E3 closed its doors until next year, featuring record levels of attendance from the industry’s leading figures, exhibitors, media, and analysts. For the first time, though, E3 decided to try something new and introduced the addition of 15,000 fans who purchased passes to attend the once-closed off expo. In a move that boasted well over 68,000 people, was it a move that was worth it for the industry?
Let’s look at things from a fan perspective. The expo pass costs $250, and grants access to the show floors that gamers considered Christmas in June. There are games, games everywhere, as far as the eye can see. These games are usually housed in giant exhibits that are in themselves their own theme park. There are tons of sounds, noises, and people meandering throughout the expo halls, which mainly take place in the South and West Halls of the Los Angeles Convention Center.
As a fan, is this experience worth it? $250 isn’t an awful price at all to pay in order to see what’s coming up next, but an issue is that the lines are atrociously long to wait through, often requiring sitting through an entire day only to play one or two demos that last a very short amount of time. That, in addition to the great atmosphere and city life of downtown LA, are great for first-timers and those from out of town.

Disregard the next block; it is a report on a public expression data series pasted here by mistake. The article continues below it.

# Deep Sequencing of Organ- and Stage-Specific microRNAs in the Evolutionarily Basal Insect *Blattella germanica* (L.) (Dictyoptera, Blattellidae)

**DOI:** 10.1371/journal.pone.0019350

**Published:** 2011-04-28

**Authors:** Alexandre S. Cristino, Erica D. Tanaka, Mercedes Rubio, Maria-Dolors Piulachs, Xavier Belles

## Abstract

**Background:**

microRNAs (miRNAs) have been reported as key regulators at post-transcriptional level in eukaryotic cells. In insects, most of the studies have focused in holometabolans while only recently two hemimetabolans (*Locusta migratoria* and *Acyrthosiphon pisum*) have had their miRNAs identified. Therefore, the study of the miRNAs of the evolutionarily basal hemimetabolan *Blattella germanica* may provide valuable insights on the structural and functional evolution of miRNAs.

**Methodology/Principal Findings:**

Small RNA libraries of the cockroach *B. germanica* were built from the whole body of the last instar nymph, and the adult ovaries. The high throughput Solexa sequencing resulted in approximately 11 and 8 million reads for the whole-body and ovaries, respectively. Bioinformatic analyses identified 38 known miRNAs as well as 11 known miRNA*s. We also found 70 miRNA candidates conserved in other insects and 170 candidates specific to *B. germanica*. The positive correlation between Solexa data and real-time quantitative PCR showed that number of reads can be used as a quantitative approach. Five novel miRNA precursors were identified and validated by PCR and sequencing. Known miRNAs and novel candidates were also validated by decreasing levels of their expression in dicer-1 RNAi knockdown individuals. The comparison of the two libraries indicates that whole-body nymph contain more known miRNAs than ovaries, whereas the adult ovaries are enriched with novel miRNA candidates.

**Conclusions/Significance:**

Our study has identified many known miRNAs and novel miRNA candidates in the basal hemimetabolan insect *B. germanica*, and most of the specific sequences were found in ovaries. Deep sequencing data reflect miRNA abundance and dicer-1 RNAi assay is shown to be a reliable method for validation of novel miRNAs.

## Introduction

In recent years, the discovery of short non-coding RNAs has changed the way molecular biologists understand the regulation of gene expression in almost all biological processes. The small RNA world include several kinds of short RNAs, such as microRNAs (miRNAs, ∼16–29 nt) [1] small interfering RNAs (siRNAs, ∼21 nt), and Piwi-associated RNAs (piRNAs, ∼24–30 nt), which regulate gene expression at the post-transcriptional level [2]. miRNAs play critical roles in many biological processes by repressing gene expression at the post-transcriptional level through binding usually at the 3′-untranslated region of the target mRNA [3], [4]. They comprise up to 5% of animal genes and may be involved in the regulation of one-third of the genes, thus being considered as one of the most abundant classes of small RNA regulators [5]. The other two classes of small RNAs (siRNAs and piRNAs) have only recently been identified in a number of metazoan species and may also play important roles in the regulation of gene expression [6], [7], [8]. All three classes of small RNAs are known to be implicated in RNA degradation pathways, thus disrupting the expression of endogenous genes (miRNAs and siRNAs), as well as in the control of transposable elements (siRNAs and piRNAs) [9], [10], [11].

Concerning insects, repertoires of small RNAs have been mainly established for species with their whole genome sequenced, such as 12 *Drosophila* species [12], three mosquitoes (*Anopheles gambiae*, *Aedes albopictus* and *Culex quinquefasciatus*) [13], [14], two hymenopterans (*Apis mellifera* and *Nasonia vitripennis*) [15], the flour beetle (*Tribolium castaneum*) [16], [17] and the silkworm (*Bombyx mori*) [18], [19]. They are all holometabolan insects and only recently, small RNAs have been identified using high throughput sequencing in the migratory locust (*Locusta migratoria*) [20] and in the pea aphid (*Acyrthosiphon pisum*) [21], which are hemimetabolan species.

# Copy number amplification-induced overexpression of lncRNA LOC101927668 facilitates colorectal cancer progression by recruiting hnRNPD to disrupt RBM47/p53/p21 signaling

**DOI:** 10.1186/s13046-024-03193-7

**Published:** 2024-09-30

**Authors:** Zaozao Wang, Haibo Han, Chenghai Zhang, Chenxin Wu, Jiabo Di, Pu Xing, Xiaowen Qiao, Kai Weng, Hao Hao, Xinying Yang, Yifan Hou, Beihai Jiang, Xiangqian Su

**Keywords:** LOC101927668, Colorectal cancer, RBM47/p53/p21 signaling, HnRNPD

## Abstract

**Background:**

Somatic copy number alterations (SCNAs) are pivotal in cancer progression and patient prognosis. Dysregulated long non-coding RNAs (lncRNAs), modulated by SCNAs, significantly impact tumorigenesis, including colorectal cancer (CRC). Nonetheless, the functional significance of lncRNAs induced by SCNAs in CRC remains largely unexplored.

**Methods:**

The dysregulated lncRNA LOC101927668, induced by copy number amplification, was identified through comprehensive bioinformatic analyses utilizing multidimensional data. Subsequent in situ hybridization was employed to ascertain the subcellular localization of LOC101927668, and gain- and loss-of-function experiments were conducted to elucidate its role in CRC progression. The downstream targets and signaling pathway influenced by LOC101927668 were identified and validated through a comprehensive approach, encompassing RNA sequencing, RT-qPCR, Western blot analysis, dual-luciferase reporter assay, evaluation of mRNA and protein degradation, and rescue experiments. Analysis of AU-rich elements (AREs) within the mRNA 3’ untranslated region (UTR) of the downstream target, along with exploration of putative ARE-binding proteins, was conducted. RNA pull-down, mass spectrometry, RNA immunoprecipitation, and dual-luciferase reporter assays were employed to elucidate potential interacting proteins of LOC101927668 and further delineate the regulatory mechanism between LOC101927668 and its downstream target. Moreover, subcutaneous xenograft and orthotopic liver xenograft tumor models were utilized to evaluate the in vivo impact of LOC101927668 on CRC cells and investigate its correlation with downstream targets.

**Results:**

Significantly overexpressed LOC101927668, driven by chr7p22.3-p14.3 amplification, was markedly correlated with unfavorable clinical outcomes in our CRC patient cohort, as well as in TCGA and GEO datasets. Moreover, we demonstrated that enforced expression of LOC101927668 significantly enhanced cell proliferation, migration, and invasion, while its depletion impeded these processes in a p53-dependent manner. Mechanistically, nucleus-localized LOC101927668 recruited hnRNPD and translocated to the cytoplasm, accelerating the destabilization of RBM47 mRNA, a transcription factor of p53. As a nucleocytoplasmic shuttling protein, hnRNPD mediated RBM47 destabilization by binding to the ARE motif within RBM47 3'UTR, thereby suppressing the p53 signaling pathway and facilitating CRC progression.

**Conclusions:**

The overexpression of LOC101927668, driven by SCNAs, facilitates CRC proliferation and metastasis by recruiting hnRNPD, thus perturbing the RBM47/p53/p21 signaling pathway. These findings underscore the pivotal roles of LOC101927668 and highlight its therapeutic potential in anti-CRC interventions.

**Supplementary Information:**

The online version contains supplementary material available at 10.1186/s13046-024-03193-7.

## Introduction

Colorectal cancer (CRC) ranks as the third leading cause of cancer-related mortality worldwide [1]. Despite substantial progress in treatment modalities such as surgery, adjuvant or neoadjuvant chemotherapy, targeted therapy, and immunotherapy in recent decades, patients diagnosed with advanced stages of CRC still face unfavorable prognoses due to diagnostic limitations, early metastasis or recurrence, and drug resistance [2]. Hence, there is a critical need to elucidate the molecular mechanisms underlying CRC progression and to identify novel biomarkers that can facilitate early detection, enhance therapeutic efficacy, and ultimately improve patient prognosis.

On the other hand, there’s members of the industry. The members of the industry who use the show to conduct business, the investors, the members of the media who use the expo as an opportunity to reunite and get their next year’s worth of work in this crowded week. The week, usually filled to the brim with appointments, conferences, and networking parties, is already difficult enough, but the additional 15,000 heads were really felt this year. In the first day of the expo, lines were bloated and the exhibitors didn’t quite know how to handle the influx of bodies. Walking aisles were filled with excited fans, and the lines going into the convention started early in the morning and went well on past outside towards the parking lots.
The problem, being part of the industry, is that press needs to be able to get work done. It’s harder to do that work when there’s so much extra body mass to consider. There’s nothing wrong being a fan, but the show needs to find a way to allow the industry to do its work without having to worry, because media and attendees were often put together in the same queues unless a private appointment was arranged. For the ESA next year, they definitely would want to consider allowing for an industry-specific day or two that allows access to the games and allow the fans to come in for their own expo days, because industry attendees were commenting heavily about the influx of visitors hampering their ability to get the job done.
It’s great that fans are getting access to the show, but it needs to be better controlled otherwise it becomes very similar to those fan expos and events like PAX or Gamescom in Germany. E3’s always going to be the place where I remember making the best of friends and have the grandest of times, but it’s going to be a little bit of a different outlook with the extra work and time needed to prepare for the show. Here’s to next year, and thanks to our Gamer Professionals readers for tuning into our content on a daily basis!